VIEW THE DOCUMENT(introduction...)
VIEW THE DOCUMENTMessage
VIEW THE DOCUMENTWorkshop to revise the agroforestry technology information kit (ATIK)
VIEW THE DOCUMENTList of participants
Current program thrusts in upland development
VIEW THE DOCUMENTSimple agro-livestock technology (SALT-2)
VIEW THE DOCUMENTIntensive feed garden
VIEW THE DOCUMENTCharacteristics of forage grasses for IFG
VIEW THE DOCUMENTPlant-based livestock medication
VIEW THE DOCUMENTSmall-scale cattle production
VIEW THE DOCUMENTForced-feeding technology (including Batangas cattle-fattening system)
VIEW THE DOCUMENTNative pig production
VIEW THE DOCUMENTPig-feed garden
VIEW THE DOCUMENTLow-cost goat housing
VIEW THE DOCUMENTImproving the native chicken
VIEW THE DOCUMENTFamily Backyard Poultry project
VIEW THE DOCUMENTHow to raise ducks
VIEW THE DOCUMENTNative bee production
VIEW THE DOCUMENTOn-farm fodder sources in agroforestry (trees and grasses)
VIEW THE DOCUMENTOff-farm fodder sources in agroforestry (trees and grasses)

On-farm fodder sources in agroforestry (trees and grasses)

Livestock production in most upland communities in the Philippines is concentrated in small, farms. Around 90 percent ruminants and 70 percent of non-ruminants are raised in small farms. Livestock provides draft power to different farm operations, transportation, food, additional income and manure for organic fertilizer.

Farm animals are mainly fed with the available fodder/forage within the farm. The fodder used by the farmers may be in the form of fresh or dried plant parts such as leaves and stalks/straws.

Natural grass/weeds

One of the common sources of fodder for livestock in the uplands for cut and carry, tethering and grazing feeding systems are either natural growing or cultivated grasses.

Table 13 Natural grass/weeds

Scientific name

Official common name

Rottboellia exaltate

Aguingay

Imperata cylindrica

Cogon

Saccharum spontaneum

Talahib

Chrysopogon aciculatus

Amorseko

Paspalum conjugatum

Kulape

Panicum stagninum

Bungalon

Pennisetum purporeum

Napier grass

Panicum maximum

Guinea grass

Panicum purpurascens

Para grass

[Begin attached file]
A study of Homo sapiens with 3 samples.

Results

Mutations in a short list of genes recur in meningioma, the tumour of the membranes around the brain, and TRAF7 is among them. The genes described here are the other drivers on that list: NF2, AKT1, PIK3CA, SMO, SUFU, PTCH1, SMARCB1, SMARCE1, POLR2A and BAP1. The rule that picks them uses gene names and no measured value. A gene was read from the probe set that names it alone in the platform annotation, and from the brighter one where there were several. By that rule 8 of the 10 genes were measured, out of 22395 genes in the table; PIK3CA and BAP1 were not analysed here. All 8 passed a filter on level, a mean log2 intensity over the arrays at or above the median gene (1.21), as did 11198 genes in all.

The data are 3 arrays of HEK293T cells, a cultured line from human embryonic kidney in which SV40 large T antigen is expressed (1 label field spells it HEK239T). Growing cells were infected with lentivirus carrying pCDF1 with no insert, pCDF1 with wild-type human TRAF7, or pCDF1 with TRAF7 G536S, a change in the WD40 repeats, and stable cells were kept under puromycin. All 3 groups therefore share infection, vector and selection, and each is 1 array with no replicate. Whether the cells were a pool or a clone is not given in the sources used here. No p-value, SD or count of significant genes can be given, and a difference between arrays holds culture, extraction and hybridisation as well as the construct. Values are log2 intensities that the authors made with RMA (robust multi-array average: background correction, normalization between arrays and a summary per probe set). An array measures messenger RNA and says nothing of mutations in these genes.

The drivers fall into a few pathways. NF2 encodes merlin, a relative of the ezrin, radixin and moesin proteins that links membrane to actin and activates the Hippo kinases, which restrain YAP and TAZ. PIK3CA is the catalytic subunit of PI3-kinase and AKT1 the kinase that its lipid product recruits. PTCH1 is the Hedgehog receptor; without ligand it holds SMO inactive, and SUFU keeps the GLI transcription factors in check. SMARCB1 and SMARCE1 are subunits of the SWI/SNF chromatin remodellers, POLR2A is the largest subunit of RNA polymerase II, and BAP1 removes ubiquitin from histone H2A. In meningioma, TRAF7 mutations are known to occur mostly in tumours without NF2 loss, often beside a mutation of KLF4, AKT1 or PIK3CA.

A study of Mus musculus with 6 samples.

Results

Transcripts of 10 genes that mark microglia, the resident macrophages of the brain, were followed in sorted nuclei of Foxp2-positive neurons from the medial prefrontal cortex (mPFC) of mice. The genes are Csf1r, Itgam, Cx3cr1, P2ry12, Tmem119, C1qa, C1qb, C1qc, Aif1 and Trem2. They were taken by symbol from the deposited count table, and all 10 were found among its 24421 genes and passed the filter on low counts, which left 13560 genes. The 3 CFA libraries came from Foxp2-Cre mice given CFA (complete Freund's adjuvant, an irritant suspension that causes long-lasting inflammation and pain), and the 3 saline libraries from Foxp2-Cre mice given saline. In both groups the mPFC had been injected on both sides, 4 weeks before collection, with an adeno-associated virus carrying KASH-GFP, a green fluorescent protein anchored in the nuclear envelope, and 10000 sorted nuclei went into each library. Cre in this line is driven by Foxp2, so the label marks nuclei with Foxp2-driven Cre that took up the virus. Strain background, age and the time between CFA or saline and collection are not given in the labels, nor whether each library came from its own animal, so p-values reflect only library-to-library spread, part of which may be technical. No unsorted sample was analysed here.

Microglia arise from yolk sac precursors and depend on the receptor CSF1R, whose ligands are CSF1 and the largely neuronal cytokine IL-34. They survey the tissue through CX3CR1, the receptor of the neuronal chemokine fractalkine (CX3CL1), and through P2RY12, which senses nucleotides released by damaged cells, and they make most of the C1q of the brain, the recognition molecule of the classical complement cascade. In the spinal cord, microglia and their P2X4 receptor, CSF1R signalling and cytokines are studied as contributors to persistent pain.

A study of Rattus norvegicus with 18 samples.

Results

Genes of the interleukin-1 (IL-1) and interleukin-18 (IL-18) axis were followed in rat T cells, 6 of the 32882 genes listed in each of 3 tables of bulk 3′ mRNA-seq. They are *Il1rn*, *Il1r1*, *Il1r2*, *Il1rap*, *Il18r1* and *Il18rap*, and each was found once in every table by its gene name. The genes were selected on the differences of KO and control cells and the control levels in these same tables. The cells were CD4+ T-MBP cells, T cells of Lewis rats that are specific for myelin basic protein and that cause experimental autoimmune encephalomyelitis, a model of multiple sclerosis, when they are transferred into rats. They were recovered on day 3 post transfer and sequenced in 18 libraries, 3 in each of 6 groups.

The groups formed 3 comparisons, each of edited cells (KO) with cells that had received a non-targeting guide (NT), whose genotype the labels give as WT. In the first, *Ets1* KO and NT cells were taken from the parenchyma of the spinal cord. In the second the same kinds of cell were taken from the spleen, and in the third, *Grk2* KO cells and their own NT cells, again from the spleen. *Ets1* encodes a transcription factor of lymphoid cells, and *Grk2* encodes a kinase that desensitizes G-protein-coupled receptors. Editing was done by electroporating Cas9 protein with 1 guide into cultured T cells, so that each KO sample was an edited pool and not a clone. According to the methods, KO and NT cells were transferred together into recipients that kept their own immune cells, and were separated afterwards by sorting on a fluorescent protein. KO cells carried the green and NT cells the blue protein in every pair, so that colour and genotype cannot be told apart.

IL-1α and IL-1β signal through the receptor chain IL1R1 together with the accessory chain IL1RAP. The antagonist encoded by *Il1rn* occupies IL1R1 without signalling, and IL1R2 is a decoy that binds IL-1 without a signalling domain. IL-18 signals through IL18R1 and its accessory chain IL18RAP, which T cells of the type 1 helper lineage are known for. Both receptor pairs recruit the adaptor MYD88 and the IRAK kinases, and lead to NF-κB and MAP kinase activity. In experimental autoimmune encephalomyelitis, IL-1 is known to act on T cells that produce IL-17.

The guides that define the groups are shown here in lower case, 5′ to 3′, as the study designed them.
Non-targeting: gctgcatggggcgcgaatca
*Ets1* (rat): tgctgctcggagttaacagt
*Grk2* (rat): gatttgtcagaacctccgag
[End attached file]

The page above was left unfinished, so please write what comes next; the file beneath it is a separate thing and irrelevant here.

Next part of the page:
Dicanthium aristatum

Alabang

Fodder trees/shrubs

Fodder from trees and shrubs that are available in the farm provides nutritious and palatable feeds for livestock which can also supplement other forage grasses.

Table 14. Fodder trees/shrubs.

Scientific name

Official common name

Gliricidia sepium sepium

Madre de cacao kakawate

Leucaena leucocephala

Ipil-ipil

Calliandra calothyrsus

Calliandra

Flemingia macrophylla

Flemingia

Desmodium rensonii

Rensoni

Piliostigma melabaricum

Alibangbang

Sesbania qrandiflora

Katurai

Cajanus cajan

Kadyos

Other fodder sources

One of the most important feeds in small farms is the residue of various crops grown in the cropping systems. The most common residues are corn fodder/stover, rice straw, sugarcane tops and stem and leaves of leguminous crops.

Corn Fodder

It is grown mainly as forage for livestock. It may be harvested after the ears have appeared, although not yet fully developed. The whole plant is fed to animals Its palatability and nutritive value excel those of other soiling crops. The best condition for feeding is when the plant tassel and ears are in the glazing stage. Corn silage has a wide nutritive value. It should be supplemented with nitrogenous feeds to balance the ratio.

Corn Stover

It is a dried roughage that can be stored for livestock fodder. It is the portion of the corn plant left after the ears have been removed at harvest. The whole plant is air-dried in the field, then the stalks are cut and stored as feed. Corn stover is rich in carbohydrates and is very useful in maintaining the condition of work animals during the dry season. Corn stover should be protected from rain; otherwise, it will be affected by mildew and will disintegrate, making it unfit for feed. To make it more palatable, sprinkle salt over it. Dry Corn stover must be stored in a roofed animal shed or barn.

Sugarcane Tops

Sugarcane tops can be used as fodder whether green or dried. It is relished by carabaos and Cattle. It contains a large amount of digestible carbohydrates in sugar form.

Rice Straw

Rice straw is eaten by carabao and Cattle if other feeds are not available particularly during the dry season. To make it palatable, a small amount of salt is sprinkled over the feedstock. Dried rice straw may be stored in a coneshaped stacked called mandala supported by a bamboo pole, firmly anchored to the ground in an open field without the danger of deterioration. The upper layer serves to protect the lower layer from getting wet. The straw should be stored when fairly dry or else, if wet, it will generate heat that will spoil its wholesomeness as fodder. The straw stack should be located on an elevated portion of the farm near the animal shed.

Leguminous dual-purpose crop residue

The leguminous residues of dual purpose crops such as cowpea, soybean, mungbean, bush sitao and batao have protein content of about 12 percent or more. The stem and leaves are good supplements to improve the feeding value of other on-fanm fodder, especially during the dry season when feeds are very limited. They can also be fed to the livestock as soon as they are harvested without waiting for them to dry. Leguminous crop residues are seasonal and storage is one of the major problems. However, production in dry season makes sundrying practical. farmers only need to be taught to store and/or protect them from rain.

Sources:

Resource Book on Sustainable Agriculture for the Uplands. International Institute of Rural Reconstruction. 1990.

FSSR '86. Crop Residues and Fodder in Rice-based Farming Systems by U.R Carangal and A.D. Calub. Agricultural Economics Department. International Rice Research Institute. Los Baos, Laguna, Philippines.